Ando learned to diversify her skating

Miki Ando, once known for her jumps, has emerged as one of her sport’s most fluid skaters.  (Associated Press)
Miki Ando, once known for her jumps, has emerged as one of her sport’s most fluid skaters. (Associated Press)
By Barry Wilner Associated Press

An argument with her coach was the last thing Miki Ando needed.

Yet there she was, hours before the free skate at last March’s World Figure Skating Championships in Los Angeles, in the midst of a volatile discussion with Nikolai Morozov. Ando was in position to medal, if not win outright at worlds, an event she also won in 2007 in her first season under Morozov’s guidance.

Between that championship and Los Angeles, Ando did not win another significant event. She didn’t even get to defend her world crown in 2008.

And now, a potential meltdown.

“In the free program, I did not do a triple-triple,” Ando said, referring to the combination jump that is becoming commonplace in women’s skating. “In the morning skate practice I did it, but he said not to do the triple-triple (in the competition) because he knows it’s difficult to get and they are going to downgrade it for sure if I miss.

“And I was just worried what the Japanese people would say. I did not feel comfortable with this. I was worried because I am Japanese.”

Ando believes the jumps are so ingrained in the culture of the sport in her nation that to not attempt them shows weakness. It is something she’s needed to overcome because, as Morozov said, “There’s a time to do certain things and a time not to.”

Morozov, who helped Shizuka Arakawa win the gold medal at the 2006 Turin Games for Japan’s first Olympic figure skating victory, has stressed to Ando the importance of being natural on the ice. It took Arakawa years to overcome that fear of letting down her country, and here was Ando experiencing the same feelings in Los Angeles.

“I go to Nikolai and I say, ‘I am worried if I don’t do the triple-triple what the people will say,’ ” Ando said. “And he is getting so mad.”

Angry enough that Morozov asked Ando if she no longer trusted the way he was training her, or if she had second thoughts about moving to Ice House in Hackensack, N.J., to work with him. Then he told her if she had such doubts, he would not attend the free skate that afternoon and their coach-skater partnership would be over.

“You have to understand that figure skating is not only jumps, it is how you are skating and feeling and how you want to show people how you are,” he told Ando.

How she was at that point was confused, a little scared even. Ando had experienced enough career ups and downs to fill an entire free skate routine. The last thing she needed at that point was a major upheaval.

Instead, she had something of an epiphany.

“Then I finally understand what in figure skating the audience wants,” she said. “Because in Japan, they kind of like jumping, and if I did a quad or a triple-triple, they will say, ‘She is going to win, she is going to get a medal.’ It is that culture because we don’t have any history in Japan in figure skating.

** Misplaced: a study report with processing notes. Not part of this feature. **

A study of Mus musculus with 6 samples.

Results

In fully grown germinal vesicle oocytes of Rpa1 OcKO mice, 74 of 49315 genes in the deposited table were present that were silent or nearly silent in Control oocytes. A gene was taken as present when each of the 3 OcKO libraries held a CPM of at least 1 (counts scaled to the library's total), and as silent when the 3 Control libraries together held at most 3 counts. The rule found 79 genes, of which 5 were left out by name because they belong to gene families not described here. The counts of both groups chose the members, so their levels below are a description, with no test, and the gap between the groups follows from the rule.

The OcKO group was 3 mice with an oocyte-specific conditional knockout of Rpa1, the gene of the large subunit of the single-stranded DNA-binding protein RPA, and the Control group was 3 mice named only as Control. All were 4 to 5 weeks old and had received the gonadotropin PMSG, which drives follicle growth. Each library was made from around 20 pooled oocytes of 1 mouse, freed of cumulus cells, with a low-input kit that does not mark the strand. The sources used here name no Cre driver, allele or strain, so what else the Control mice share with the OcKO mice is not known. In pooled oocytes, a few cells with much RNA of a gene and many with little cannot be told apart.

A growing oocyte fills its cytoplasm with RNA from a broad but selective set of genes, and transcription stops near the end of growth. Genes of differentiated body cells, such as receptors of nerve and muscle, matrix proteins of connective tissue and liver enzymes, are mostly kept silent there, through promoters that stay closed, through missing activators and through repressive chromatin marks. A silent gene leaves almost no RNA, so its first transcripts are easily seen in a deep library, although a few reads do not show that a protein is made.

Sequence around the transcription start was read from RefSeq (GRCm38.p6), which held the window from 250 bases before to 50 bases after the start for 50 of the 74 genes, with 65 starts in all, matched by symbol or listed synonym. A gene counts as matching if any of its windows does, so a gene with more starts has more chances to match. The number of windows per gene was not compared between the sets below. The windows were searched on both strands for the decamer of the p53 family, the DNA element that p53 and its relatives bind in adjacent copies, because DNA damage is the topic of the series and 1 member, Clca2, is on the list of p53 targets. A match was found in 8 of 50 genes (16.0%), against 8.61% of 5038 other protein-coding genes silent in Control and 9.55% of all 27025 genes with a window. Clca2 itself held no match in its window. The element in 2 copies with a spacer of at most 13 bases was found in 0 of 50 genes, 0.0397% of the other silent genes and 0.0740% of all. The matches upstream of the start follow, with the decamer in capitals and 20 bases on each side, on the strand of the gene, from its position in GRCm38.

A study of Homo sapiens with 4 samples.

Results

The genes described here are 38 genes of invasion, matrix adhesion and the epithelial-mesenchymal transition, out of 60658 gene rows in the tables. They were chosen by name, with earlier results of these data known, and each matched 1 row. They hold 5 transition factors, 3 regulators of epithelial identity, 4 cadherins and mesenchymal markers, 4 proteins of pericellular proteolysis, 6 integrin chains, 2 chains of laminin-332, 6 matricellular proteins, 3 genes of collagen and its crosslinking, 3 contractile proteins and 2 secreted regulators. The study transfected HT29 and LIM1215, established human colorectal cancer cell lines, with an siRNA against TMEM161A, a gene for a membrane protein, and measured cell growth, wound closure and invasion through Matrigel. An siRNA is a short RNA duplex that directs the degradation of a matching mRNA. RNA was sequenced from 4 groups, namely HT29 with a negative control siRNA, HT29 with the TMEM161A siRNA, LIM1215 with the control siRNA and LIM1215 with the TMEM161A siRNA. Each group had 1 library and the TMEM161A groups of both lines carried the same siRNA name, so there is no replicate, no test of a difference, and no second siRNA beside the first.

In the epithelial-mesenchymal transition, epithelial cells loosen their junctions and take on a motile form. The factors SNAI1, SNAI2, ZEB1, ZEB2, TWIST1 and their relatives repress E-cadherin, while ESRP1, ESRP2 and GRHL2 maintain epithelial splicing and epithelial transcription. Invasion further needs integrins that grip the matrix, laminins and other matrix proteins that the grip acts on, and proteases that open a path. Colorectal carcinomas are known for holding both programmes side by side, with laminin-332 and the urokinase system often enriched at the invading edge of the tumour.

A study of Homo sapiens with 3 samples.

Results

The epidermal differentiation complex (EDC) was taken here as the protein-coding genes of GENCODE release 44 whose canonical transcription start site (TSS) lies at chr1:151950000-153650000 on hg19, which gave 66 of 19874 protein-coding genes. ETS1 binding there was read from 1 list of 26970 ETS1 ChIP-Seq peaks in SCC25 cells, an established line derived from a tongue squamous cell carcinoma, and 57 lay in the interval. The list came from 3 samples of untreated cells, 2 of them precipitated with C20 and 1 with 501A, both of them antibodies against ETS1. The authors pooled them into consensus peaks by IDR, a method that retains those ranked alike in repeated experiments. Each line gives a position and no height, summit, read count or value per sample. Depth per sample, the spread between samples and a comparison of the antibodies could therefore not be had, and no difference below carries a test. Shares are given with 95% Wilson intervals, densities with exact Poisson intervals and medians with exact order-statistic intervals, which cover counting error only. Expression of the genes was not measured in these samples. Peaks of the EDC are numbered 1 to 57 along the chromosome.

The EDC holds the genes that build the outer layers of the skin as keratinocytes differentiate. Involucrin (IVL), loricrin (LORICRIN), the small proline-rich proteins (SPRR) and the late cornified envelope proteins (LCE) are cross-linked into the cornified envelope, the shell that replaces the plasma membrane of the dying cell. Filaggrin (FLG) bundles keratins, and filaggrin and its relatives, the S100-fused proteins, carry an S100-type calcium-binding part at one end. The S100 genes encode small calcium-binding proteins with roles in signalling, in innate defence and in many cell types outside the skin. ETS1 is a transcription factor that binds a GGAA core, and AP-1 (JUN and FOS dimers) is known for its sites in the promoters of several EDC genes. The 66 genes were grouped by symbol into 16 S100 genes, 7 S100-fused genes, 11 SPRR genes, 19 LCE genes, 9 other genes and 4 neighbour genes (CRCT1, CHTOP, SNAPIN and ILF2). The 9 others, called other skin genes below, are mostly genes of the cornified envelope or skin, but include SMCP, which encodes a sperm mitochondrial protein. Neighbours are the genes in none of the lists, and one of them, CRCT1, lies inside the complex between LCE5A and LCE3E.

“So I just finally understand before the worlds long program what he means. I went to Nikolai and said: ‘I will trust you, I will not do the triple-triple.’

“So I kind of had my self-confidence and I trusted Nikolai and I was very much enjoying my competition and I got the bronze medal. I felt like it was one package in the competition for the first time in my life.”

The 22-year-old Ando has done a sensational job building off that bronze performance behind South Korea’s Kim Yu-na and Canada’s Joannie Rochette.

Ando won Cup of Russia and NHK Trophy during the Grand Prix series and was second to Kim at the circuit’s final in Tokyo to wrap up one of Japan’s three Olympic berths. Once known primarily for her jumps, including the first and only quad completed by a woman in competition (2002 Junior Grand Prix final), she now is among the most fluid and engaging skaters around.

Ando is surging as she competes at the Japanese nationals this weekend. Mao Asada, her friendly rival who also is from Nagoya, has struggled since winning worlds in 2008 and is considered a long shot to challenge the marvelous Kim at February’s Vancouver Games.

At the Turin Games, Ando barely could stand and finished 15th. That led to criticism she didn’t belong on a Japanese team that left behind several other quality skaters.

Instead, Ando, finds inspiration from those Olympics and the mesmerizing performance by Arakawa.

“Shizuka actually gave me the dream to go into the Olympics,” Ando said. “After the (1998) Nagano Olympics, my dream is I am going to meet her and take a picture and I want to skate like her and go to the Olympics. She was 13th place, but she was like something shining. For me, it was a woman from the same country and I didn’t know then that the top skaters were not in Japan. She was my idol.

“I was so happy for her (at Turin). I was watching her from upstairs with the audience, and I was crying because I know her. I went to summer camp when I just started skating and I just did double jumps. She did triple-triples, of course. So I know her for a long time and I know her skating and I was training with her when she won worlds in 2004. I feel like she’s a sister for me.

“That’s why I wanted to go to Vancouver, because I saw her at Torino and I was thinking to quit skating after Torino. But she gave me the dream once more.”